Austin business owners react to new local masking guidance

Photo of a man with a mask holding pottery
Turquoise Trading Post owner Jim Williamson said he will allow guests to choose whether to wear a mask moving forward but recommend them to wear one. (Olivia Aldridge/Community Impact Newspaper)

Turquoise Trading Post owner Jim Williamson said he will allow guests to choose whether to wear a mask moving forward but recommend them to wear one. (Olivia Aldridge/Community Impact Newspaper)

Now that Austin and Travis County's COVID-19 risk level has been lowered to Stage 2 by Austin Public Health, individual businesses can decide whether to require vaccinated people to wear masks on the premises.

Turquoise Trading Post, North Austin jewelry and art shop, is among the local businesses preparing to welcome some patrons without masks. Owner Jim Williamson said his store would continue to encourage masking in the interest of customer and staff safety but not require it.

"For now, we'll keep our signs up requiring masks but just let folks do what they want," Williamson said, adding he would continue to make masks available for free to customers who wanted them and assume unmasked guests are vaccinated.

South First Street gallery Art for the People, on the other hand, will stay the course for the time being.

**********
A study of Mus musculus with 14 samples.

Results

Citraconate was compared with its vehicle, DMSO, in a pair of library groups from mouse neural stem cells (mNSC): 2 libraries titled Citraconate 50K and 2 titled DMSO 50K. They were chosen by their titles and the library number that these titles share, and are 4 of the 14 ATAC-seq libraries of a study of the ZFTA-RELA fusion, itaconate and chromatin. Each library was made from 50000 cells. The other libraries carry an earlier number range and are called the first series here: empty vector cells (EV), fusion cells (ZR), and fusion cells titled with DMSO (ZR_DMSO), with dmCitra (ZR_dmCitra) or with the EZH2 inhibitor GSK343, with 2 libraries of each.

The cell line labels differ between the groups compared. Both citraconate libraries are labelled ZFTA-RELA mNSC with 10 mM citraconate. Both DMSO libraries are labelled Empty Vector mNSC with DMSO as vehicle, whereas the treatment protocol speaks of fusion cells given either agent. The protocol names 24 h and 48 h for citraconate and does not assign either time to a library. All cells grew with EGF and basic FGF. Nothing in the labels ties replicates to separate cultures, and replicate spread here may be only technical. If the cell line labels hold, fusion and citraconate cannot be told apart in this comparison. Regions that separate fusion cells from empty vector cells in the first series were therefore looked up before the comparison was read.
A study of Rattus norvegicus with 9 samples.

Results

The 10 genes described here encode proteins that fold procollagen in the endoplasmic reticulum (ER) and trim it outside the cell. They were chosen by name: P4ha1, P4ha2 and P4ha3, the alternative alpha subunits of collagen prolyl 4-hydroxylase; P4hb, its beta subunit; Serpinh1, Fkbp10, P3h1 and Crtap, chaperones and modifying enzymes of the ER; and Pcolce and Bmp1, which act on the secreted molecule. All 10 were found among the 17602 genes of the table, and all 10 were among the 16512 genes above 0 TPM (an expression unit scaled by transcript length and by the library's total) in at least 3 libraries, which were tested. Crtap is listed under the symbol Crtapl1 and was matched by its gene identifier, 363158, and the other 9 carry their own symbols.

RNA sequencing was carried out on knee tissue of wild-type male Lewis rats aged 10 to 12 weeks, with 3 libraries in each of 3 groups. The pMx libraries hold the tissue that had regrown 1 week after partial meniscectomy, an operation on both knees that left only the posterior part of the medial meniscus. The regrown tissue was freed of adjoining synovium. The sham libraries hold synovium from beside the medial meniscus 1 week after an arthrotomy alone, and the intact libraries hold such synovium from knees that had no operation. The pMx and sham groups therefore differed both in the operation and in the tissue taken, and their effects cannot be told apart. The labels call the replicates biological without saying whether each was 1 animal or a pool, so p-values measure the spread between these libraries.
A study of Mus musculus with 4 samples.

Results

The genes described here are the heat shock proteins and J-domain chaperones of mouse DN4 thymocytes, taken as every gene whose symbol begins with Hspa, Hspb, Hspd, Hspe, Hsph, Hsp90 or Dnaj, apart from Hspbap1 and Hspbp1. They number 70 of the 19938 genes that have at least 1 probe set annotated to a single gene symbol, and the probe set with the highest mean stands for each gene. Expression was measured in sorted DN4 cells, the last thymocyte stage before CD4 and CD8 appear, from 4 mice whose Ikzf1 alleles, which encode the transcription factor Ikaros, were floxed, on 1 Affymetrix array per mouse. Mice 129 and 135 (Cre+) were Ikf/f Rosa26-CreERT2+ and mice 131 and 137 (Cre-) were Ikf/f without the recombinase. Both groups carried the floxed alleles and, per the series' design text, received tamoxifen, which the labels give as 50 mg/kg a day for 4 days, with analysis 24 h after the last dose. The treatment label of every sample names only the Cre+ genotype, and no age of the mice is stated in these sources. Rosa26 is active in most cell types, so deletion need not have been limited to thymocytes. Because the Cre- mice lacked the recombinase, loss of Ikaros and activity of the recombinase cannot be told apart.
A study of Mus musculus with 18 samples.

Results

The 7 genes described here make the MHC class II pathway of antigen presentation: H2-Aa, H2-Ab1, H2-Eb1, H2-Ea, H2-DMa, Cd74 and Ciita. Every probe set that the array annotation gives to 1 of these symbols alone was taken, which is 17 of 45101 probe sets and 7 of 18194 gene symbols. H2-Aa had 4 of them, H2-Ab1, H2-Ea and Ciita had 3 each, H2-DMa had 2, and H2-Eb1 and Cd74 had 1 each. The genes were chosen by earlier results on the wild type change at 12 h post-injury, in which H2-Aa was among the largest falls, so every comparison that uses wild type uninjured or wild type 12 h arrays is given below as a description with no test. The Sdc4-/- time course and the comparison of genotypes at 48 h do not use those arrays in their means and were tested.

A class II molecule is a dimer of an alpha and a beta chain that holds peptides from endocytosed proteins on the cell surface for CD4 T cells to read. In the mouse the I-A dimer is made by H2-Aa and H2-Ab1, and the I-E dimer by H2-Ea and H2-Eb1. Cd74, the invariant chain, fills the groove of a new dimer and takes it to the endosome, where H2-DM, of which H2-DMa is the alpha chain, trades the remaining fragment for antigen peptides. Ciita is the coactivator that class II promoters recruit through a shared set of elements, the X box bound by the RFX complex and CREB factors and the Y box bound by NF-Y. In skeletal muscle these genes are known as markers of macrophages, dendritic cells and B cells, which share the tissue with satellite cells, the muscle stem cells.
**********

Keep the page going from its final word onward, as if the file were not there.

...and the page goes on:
"At this time we are keeping our policy in place, which is that masks are required, and we're still sanitizing hands," Lynnie Goodman, the gallery's creative director, told Community Impact Newspaper.

Rachelle Fox, who co-owns East Austin restaurants The Cavalier and Wicky's Walkup with her husband, Chadwick Leger, said her team needed more time to consider any policy changes.

"We spent the last year turning on a dime every three days. We want to give ourselves a little more elbow room to get situated," Fox said.

For the time being, patrons at The Cavalier are asked to wear a mask while not sitting at their party's table. The Cavalier is offering patio service along with some indoor seating right now, and in June it plans to bring back bar seating. Fox said the extra time to consider plans is in the interest of making the guests and staff feel safe.

"We cultivated a wonderful vibe of people looking out for one another. I don’t anticipate seeing a lot of pushback or rowdy negative energy," she said.
By Olivia Aldridge
Olivia is the reporter for Community Impact's Central Austin edition. A graduate of Presbyterian College in upstate South Carolina, Olivia was a reporter and producer at South Carolina Public Radio before joining Community Impact in Austin.